The House held its first hearing of the legislative cycle on immigration yesterday. The Senate’s Gang of Eight and the White House issued respective frameworks last week—and there’s a big fear that if legislation stalls, it will likely happen in the House. Missing from yesterday’s panels of experts at the daylong House Judiciary Committee hearing were the voices of undocumented workers and their families who are most affected by a broken immigration policy. That’s why a group of thirteen young people working with United We Dream say they decided to disrupt the hearing, chanting “Undocumented! Unafraid!” The Dreamers were promptly removed, but signaled that undocumented people will insert themselves in immigration debates whenever possible.
The hearing was split into two parts; the first focused on what types of improvements can be made to current immigration policy, while the second centered on enforcement. As the hearing got underway, Representative John Conyers Jr., the ranking Democrat from Michigan, warned against using the term “illegal immigrant,” a recommendation that was largely ignored throughout the day.
During the first half of the hearing, Professor Vivek Wadhwa and Dr. Puneet Arora advocated for so-called high skilled workers, denouncing that students who earn doctorates and other advanced degree increasingly move abroad. San Antonio Mayor Julian Castro, who reminded the hearing that he’s the grandchild of immigrant orphaned from Mexico, attempted to balance Harvard Law School’s Michael Teitelbaum, who contended that visas should only be made when there are vast shortages in a given sector—adding that family reunification should not be a priority in any upcoming immigration reform.
As the question and answer period got underway, some lawmakers illustrated why immigration reform remains a problematic topic in the House. Spencer Bachus (R-AL) called full citizenship a “toxic issue,” which could be the roadblock to reform. Trey Gawdy (R-SC) claimed that many undocumented people simply don’t want citizenship, and that a new bill would “force” it upon them. And just as Darrell Issa (R-CA) was set to begin his questions, a group of Dreamers disrupted the hearing.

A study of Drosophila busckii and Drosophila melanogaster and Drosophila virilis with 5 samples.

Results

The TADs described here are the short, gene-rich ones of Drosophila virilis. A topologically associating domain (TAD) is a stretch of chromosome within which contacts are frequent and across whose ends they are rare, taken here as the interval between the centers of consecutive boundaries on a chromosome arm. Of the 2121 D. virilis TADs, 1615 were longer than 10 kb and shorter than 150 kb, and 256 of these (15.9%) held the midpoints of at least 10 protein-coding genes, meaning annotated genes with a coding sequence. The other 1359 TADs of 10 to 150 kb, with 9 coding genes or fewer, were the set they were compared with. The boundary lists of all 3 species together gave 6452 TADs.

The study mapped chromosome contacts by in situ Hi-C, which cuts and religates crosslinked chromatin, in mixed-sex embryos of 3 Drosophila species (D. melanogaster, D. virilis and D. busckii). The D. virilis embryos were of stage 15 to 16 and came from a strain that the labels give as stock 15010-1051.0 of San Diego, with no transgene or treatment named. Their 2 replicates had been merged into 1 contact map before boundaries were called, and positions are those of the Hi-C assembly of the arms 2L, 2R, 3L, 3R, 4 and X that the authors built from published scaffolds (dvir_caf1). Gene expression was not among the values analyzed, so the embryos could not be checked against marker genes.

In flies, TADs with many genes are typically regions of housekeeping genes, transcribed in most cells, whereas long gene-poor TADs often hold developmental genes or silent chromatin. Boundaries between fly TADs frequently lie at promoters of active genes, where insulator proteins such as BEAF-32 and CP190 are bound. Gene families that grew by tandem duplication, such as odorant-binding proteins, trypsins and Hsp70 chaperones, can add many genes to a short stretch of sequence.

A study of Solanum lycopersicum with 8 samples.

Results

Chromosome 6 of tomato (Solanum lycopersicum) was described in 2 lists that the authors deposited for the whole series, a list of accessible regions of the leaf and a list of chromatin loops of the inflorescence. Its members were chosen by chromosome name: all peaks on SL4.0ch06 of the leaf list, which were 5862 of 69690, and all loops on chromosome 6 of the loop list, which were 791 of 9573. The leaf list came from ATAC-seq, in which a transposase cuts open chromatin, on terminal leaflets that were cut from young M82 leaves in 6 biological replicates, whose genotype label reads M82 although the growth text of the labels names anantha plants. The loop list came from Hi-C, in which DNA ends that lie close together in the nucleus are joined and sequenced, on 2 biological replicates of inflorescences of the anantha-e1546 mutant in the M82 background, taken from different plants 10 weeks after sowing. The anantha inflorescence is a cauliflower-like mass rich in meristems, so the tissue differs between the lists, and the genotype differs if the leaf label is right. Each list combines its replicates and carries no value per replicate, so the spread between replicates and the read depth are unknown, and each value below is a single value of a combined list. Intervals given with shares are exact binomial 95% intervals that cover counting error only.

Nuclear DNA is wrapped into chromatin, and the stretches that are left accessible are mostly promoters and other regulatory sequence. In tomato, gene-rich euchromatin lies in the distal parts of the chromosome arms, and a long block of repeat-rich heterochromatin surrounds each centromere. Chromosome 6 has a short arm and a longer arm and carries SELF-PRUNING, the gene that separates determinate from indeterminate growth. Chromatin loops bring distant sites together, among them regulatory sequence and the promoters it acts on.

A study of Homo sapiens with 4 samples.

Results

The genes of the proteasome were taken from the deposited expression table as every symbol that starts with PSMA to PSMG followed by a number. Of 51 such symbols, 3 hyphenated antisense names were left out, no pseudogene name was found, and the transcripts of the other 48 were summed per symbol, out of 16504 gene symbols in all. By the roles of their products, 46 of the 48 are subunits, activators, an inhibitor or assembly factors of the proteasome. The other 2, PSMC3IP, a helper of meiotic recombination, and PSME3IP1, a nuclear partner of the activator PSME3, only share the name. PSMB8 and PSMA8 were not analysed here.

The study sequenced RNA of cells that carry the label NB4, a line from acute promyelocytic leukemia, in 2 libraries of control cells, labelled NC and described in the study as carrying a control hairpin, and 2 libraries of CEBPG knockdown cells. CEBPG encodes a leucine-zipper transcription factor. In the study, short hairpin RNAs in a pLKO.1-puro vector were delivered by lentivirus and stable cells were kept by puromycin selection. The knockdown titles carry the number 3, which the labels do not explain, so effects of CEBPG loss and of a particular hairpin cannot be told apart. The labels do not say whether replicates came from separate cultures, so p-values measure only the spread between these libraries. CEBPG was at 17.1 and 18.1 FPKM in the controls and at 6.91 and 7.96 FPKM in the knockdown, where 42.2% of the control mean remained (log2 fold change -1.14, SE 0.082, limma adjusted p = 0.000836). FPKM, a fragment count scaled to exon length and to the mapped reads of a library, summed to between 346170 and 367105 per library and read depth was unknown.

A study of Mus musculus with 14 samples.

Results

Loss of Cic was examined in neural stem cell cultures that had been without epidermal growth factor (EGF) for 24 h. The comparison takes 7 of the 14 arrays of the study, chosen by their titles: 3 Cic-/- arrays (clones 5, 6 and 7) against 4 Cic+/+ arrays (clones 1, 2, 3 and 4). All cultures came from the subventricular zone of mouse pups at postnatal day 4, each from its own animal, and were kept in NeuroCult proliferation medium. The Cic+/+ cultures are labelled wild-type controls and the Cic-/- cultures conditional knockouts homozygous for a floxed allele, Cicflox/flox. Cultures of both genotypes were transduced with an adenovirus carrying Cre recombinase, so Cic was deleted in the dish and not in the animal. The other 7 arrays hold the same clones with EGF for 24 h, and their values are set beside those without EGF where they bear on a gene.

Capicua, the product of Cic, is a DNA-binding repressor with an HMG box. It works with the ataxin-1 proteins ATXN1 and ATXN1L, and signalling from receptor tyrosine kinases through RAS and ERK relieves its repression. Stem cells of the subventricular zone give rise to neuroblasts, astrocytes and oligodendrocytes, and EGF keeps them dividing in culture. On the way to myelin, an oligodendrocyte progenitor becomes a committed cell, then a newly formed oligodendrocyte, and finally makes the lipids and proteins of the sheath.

Twenty-seven-year-old Jorge Gutierrez from Los Angeles said that Issa was not the target—only that the hearing itself provided an opportunity to remain visible during the immigration debate. United We Dream has a three-point plan on how to move forward: one, to make sure there is a clear pathway to citizenship; two, an end to heightened enforcement; and three, to make sure that LGBT partners are included in any reform. Gutierrez, who is in the process of applying for President Obama’s deferred action plan, said that while others are shying away from including LGBT partners, his group is “leading the way and saying they have to be a part of the conversation.”
Bob Goodlatte (R-VA), who chaired the committee, immediately objected to the disruption. “This is not the way to make your point,” he warned.
The Dreamers clearly disagreed with Goodlatte—and with what several experts and lawmakers had to say yesterday. Marco Antonio Quiroga is a 26-year-old from Orlando, Florida. He moved with both parents and four siblings from Lima, Peru, when he was only 2 years old. He says his parents separated due to domestic abuse, and his mother, who had no family, no money and hardly spoke English, worked as a domestic worker to make ends meet.
Quiroga says that his mother, who toiled in homes, hotels and even Disneyworld, did everything she could to provide a good life for her children—and that claims about undocumented workers not wanting citizenship is a myth: “What we don’t want to be forced into is becoming permanent second-class individuals. Not me, not my mother. We want full citizenship.”
After graduating with a Bachelor of Science degree in biology, Quiroga wanted to study to be a doctor, but says he hit a wall when trying to apply to schools because he doesn’t have a Social Security number. He has also applied for deferred action, but pointed out that it’s a temporary fix, which doesn’t exclude him from future possible deportation or exclusion.
Quiroga and Gutierrez both identify as queer, and work with the group’s Queer Undocumented Immigrant Project. They emphasize the inclusion of the LGBT community, and are hoping to garner support from the greater LGBT community.
The hearing resumed after the protesters were escorted out. Although net migration at the border is at zero and interior enforcement is at an all-time high, the second half of the hearing focused on enforcement. After a separate meeting with labor and progressive leaders yesterday, Obama declined to amend deportation policies. While there are plenty of conversations about immigration, actual legislation remains intangible.
The road ahead will hinge not only on full citizenship and LGBT recognition, but also on other possible stipulations like expensive fees and English language requirements. In the meantime, undocumented immigrants have made clear that they want a seat at the table—and if one isn’t offered, they’ll still make their voices heard.
For more on the Dreamers, read Aura Bogado’s feature in this week’s issue of The Nation.